If you are noticing high CPU usage by something called Software Reporter tool in Google Chrome, you should go ahead and disable this tool on your Windows computer, by following the steps within this article.
What is Chrome Software Reporter Tool?
The Software Reporter tool is a legitimate part of the Google Chrome browser and not a virus or malware program trying to steal data or cause damage on your computer.
The Software Reporter tool gets included or packaged with Google Chrome, but only when you download the Chrome browser on a Windows computer and does not appear to be a part of Google Chrome running on Mac computers.
Most users become aware about the presence of the Software Reporter tool on their computers only when the Chrome browser comes up with “Software Reporter Tool” has stopped working error.
What is the Purpose of the Software Reporter Tool?
The main purpose of the Software Reporter Tool is to monitor the installation of Chrome on your computer for performance issues that may arise due to conflicts with extensions, apps or other programs installed on your computer.
In earlier versions of Chrome (Chrome V110 and earlier) the Software Reporter Tool supported Chrome Cleanup Tool by monitoring the computer for harmful software and unsafe system settings.
However, the Chrome Cleanup Tool was subsequently removed from Chrome V110 and you can longer use Google Chrome to remove harmful programs from your computer.
Where is the Location of the Software Reporter Tool?
The Software Reporter Tool is located in a subfolder (SwReporter) of the user’s profile folder and it appears as a small (54kb) executable file named as “software_reporter_tool.exe”.
The Software Reporter Tool can be easily accessed by opening the File Explorer on your computer and navigating to SwReporter folder located at the following path: C:/Users/User Account/AppData/Local/Google/Chrome/User Data/SwReporter.
Should You Remove the Software Reporter Tool?
The Software Reporter Tool can sometimes consider legitimate browser extensions, apps and programs as being in conflict with the browser and lead to high CPU usage problems on Windows computers.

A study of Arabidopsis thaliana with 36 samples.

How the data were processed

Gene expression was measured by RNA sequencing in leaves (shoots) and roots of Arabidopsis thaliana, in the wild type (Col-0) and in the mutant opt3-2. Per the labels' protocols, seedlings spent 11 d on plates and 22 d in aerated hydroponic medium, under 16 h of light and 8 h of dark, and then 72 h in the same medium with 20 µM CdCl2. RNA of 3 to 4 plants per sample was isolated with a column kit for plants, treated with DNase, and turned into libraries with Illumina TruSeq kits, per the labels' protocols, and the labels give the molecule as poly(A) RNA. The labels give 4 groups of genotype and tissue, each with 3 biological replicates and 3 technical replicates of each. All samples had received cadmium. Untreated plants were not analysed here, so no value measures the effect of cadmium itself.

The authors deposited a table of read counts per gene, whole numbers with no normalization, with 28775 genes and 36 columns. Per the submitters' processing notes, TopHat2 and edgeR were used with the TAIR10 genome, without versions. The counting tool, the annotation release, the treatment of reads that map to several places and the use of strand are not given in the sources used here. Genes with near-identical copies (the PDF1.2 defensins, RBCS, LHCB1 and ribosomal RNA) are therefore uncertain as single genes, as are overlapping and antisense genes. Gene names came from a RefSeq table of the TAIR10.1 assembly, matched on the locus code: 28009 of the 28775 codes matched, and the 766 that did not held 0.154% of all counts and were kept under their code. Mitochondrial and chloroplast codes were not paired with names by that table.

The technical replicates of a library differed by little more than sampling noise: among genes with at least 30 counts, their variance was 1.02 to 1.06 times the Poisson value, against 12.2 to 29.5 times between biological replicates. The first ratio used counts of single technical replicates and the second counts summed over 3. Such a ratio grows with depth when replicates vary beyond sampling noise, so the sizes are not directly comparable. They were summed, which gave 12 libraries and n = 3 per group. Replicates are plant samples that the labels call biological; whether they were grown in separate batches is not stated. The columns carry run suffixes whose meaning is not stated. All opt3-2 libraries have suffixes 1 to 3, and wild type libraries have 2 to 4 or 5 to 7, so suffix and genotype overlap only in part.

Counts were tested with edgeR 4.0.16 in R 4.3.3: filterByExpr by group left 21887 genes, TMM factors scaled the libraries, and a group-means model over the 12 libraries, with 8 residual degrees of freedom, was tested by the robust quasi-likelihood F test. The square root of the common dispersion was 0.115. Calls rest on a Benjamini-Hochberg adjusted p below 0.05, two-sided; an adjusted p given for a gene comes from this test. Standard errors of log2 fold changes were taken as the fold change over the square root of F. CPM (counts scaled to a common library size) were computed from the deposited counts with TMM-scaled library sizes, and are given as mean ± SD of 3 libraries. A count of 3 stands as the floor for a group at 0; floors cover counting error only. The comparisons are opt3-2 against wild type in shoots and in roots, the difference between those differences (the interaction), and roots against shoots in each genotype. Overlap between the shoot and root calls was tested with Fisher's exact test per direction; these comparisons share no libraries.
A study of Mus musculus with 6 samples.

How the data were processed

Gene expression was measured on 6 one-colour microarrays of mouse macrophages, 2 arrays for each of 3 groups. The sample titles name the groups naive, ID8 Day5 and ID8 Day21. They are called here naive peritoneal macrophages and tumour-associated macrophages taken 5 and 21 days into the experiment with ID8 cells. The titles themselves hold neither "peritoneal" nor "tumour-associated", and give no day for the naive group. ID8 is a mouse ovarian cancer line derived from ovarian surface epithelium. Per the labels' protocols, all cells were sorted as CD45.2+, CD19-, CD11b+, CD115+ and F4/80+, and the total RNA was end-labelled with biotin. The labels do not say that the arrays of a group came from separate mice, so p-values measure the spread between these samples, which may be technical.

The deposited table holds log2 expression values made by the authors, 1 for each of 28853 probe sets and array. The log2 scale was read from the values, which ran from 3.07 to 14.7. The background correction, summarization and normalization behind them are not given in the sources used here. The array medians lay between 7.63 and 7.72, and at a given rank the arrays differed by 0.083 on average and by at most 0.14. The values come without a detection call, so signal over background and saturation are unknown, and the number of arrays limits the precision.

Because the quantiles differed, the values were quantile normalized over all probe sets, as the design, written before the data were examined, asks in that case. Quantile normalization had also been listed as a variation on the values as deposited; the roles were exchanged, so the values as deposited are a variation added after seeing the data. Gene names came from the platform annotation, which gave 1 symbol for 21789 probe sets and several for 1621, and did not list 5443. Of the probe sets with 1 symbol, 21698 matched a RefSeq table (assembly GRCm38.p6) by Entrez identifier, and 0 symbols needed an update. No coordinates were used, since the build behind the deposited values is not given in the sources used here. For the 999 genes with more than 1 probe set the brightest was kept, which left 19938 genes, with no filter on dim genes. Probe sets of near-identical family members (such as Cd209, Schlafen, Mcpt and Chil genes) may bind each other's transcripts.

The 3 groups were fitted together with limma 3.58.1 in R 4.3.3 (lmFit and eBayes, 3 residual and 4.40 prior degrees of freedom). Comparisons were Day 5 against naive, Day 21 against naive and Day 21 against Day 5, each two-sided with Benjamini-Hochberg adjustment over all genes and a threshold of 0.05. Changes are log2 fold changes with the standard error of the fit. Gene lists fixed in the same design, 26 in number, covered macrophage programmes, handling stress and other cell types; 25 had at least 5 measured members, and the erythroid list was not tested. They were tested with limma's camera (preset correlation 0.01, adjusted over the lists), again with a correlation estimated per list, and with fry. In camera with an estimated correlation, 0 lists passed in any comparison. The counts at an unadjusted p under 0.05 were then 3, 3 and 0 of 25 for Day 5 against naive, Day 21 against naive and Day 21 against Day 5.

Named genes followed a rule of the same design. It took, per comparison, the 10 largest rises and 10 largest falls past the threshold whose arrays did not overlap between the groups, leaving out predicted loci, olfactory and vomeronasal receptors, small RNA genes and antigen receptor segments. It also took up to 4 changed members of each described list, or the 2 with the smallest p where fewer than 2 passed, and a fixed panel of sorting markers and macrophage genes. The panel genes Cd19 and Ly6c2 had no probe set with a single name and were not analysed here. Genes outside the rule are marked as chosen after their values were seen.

In such cases, you can reduce the activity of this tool by preventing Google Chrome from running in the background and also by disabling the tool.
Since the Software Reporter Tool is not an essential Windows process, it can be disabled (if it is causing problems), without having any adverse impact on the performance of your computer.
1. Prevent Chrome from Running Apps in Background
As mentioned above, you can siginificantly reduce the Software Reporter Tool activity on your computer by preventing Chrome from allowing apps and extensions from running in background.
1. Open the Chrome browser, click on the 3-dots Icon and then select Settings from the drop-down menu.
2. On the Settings screen, select System in the left-pane. In the right-pane, disable Continue running background apps when Google Chrome is closed option.
This will prevent the browser from running Chrome processes in the background on your computer.
2. Delete the Software Reporter Tool
As mentioned above, the Software Reporter Tool can be deleted, without creating any performance related problems on your computer.
1. Open File Explorer > navigate to C:/Users/User Account/AppData/Local/Google/Chrome/User Data/SwReporter.
2. In the SwReporter Folder, open the Folder associated with the version of Chrome browser installed on your computer.
3. In the Folder, right-click on software_reporter_tool.exe > select Rename and Rename the file as software_reporter_tool.txt.
4. On the confirmation pop-up, click on YES to confirm.
After this, Google Chrome won’t be able to use the Software Reporter Tool executable file on your computer.
However, you need to be aware that Chrome will re-download the Software Reporter Tool whenever it updates the browser and you will have to rename the file once again.
3. Disable Software Reporter Tool using Registry Editor
You can permanently disable the Software Reporter Tool on your computer by using Registry Editor.
1. Right-click on the Start button and click on Run. In the Run Command window, type regedit and click on OK.
2. On the Registry screen, navigate to HKEY_LOCAL_MACHINE\SOFTWARE\Policies and see if Google Key is available in the Policies Folder.
If it is not, right-click on Policies and select New > Key and rename the new key as Google.
3. Next, right-click on Google > select New > Key and rename the new key as Chrome.
4. After this, right-click on Chrome > select New > DWORD (32-bit) Value and name the new value as ChromeCleanupEnabled.
5. Double-click on the newly created ChromeCleanupEnabled DWORD. On the Edit DWORD pop-up, set the Value data to 0 and click on OK.
6. Close Registry Editor and Restart the Chrome browser.